International Round-Up: Danish children born to IS fighters face radicalisation if not returned home

19 children will remain in Syrian prison camps as their own government has refused them the right to repatriation

19 Danish children are currently housed in prison camps in Northern Syria, alongside nine Danish parents. (photo: pakkalajuha)
November 27th, 2020 2:19 pm| by Helen Jones

It is estimated that between 940 and 1,140 Europeans are being held in Syrian prison camps, of which a majority may be children of IS fighters.

The Danish government, however, has stood by its previous decision that it will not accept the children of IS fighters back into the country, and it recently refused to receive 19 Danish children from the northern Syrian camps of al-Roj and al-Hol.

Government rejects responsibility for the children
Dr Abdulkarim Omar, of the Foreign Affairs Bureau for the Autonomous Administration of Northern and Eastern Syria, has criticised Western governments for not acting faster.

“If the situation in the camps remains as it is, we will see a new generation of terrorists – even more dangerous than IS are now. It will be a generation that has grown up with terrorist ideology and a mentality bent on revenge,” said Omar.

Parties such as Enhedslisten, SF, Radikale and Alternativet have called for the children to be brought home, but the government has maintained that responsibility lies with the parents.

“The future of these families does not lie in Denmark. It lies in the Middle-East. That is the decision their parents have made for them,” said Rasmus Stoklund, the foreign affairs spokesperson for Socialdemokratiet.


Novo Nordisk fund supports children in Syria
From January next year, children across Denmark can help out in the annual ‘Danmarks Indsamling’ – a huge charity collection effort that aims to bring the whole country together. Kids will be encouraged to take part in ‘Gode Gerninger’ – good deeds organised by DR Ramasjang, libraries, and partners around Denmark. For every good deed, Novo Nordisk will be donating 20 kroner towards children in Syria. Last year, 100,000 Danish children took up the call, enabling Novo Nordisk to give 2.5 million kroner towards ‘Danmarks Indsamling’.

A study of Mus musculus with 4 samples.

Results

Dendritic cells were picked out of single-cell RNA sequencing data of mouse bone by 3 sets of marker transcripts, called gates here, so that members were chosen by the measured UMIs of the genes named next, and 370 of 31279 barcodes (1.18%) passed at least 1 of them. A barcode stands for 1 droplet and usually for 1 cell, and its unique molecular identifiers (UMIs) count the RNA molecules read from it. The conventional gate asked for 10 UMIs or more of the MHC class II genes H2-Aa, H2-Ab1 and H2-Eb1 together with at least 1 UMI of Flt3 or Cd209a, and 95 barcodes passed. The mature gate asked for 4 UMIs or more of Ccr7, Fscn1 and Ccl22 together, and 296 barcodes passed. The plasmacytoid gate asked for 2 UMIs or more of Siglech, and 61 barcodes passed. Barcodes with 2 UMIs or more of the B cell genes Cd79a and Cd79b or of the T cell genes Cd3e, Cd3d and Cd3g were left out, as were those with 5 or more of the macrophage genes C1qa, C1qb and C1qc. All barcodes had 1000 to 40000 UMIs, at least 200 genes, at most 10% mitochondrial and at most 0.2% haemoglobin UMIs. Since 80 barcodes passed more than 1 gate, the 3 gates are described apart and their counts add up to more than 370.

Denmark at the forefront of NATO missions in Iraq
The Danish military have now taken leadership responsibility over NATO’s training missions in Iraq, and it will lead the efforts into 2022. NATO’s goal in Iraq is to advise the Ministry of Defence and to aid its national security in stopping the reoccurrence of terrorist groups. General-Lieutenant Per Pugholm Olsen will now head the NATO mission in Iraq, where some 150 Danish soldiers are currently stationed.

New border agreement between Denmark and Poland
The foreign minister, Jeppe Kofod, has issued a new executive order that will finalise the Danish exclusive economic zone around Bornholm. The agreement determines Denmark’s rights to utilise natural living and non-living resources up to 200 nautical miles from the coast – so beyond the territorial waters that extend for 12 nautical miles from the shores of Bornholm.

Government refuses to stop Danish export of illegal pesticides
The Danish government has chosen not to act against the export of illegal pesticides to countries outside the EU. The pesticides in question are banned within Denmark itself, as they contain dangerous chemicals such as malathion and dimethoate, which attack the nervous system and can cause serious long-term health injuries. MPs Christian Juhl and Rasmus Nordqvist have called for a halt to Danish exports of the pesticides, but the government has opted to leave responsibility for future bans with the EU.

Woman sent to prison for leaving her child in Africa
A 42-year-old Danish woman has been sentenced to a year in prison after deserting a 15-year old girl in Uganda who she was the acting guardian of. The girl, born and raised in Denamark, had no idea that she would be left in Uganda – without a passport or mobile phone – with a family who could neither support nor speak to her. The authorities, after bringing the girl back to Denmark after just one month, pressed charges against her guardian – who was also found to have been violent towards her own three children.